TED Conversations

Heather Taylor


Dr. Turkle urges reflection and analysis and the idea that technology is its infancy. These are two important ideas and I urge others to consider this perspective: that technology fosters connections and developmental growth among the most socially awkward and vulnerable.

A healthy relationship of any sort (e.g., romantic, friendship, family) requires reciprocity. But when these sorts of relationships are out of balance, technology can fill a void. I posit that while technology can lead to isolation, isolation can also lead to connection when a lonely individual reaches out to others or becomes involved in the community via technology.

I'm curious if others view the connection between technology and isolation as one-way or bidirectional or if some other perspective entirely is needed to describe the complex technology-human connection.


    • Apr 7 2012: I agree too Anna. The talk mentions technology isolating people from each other and creating loneliness. One thing no one has yet mentioned here, and which has concerned me for some time, is that it is not just about the isolation. It is about the way we treat each other as human beings. As someone who works in a job where I communicate with the public on a day to day basis, it has become hard to ignore the way some people treat others. It is the people who have minimal social skills (lack of empathy, boundaries) who seem to be unable to treat another person in a respectful and pleasant way - they are interacting with another human being, not a piece of equipment. They don't even realise how they come across.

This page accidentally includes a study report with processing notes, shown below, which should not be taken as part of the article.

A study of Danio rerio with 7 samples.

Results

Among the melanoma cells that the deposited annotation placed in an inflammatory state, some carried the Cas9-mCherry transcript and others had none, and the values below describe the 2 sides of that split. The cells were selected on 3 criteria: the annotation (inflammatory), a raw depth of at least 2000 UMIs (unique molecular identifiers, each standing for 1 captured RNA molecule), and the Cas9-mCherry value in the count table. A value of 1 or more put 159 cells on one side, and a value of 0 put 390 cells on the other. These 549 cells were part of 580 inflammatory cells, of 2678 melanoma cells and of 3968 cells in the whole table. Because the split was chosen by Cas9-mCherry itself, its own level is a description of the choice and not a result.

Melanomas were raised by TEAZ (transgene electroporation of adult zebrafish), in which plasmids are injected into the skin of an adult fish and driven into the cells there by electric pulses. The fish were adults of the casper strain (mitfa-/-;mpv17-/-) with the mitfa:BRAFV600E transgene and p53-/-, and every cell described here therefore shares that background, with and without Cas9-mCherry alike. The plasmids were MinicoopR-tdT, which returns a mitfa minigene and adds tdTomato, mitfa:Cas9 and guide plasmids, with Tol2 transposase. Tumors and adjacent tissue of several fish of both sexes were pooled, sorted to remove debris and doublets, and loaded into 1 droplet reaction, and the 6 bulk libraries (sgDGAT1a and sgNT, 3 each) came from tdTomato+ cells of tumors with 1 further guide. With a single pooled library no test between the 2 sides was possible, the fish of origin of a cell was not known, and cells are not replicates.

I think it has definately become worse the more we use technology but like others have said here it is about making an effort to connect. Really connect, with human contact, not just Twitter or Facebook.
        • Apr 11 2012: It would explan a lot of road rage as well. The angry person in one car doesn't seem to realise that the person in the other car is a father, brother, sister, lover, mother who has their own life going on. Who is late for work, who is worried about their mortgage, who is expecting their sister to deliver a baby that day. That is - a person.
        • Apr 11 2012: Ha ha. Sounds like a good plan. I believe in karma. What goes around comes around.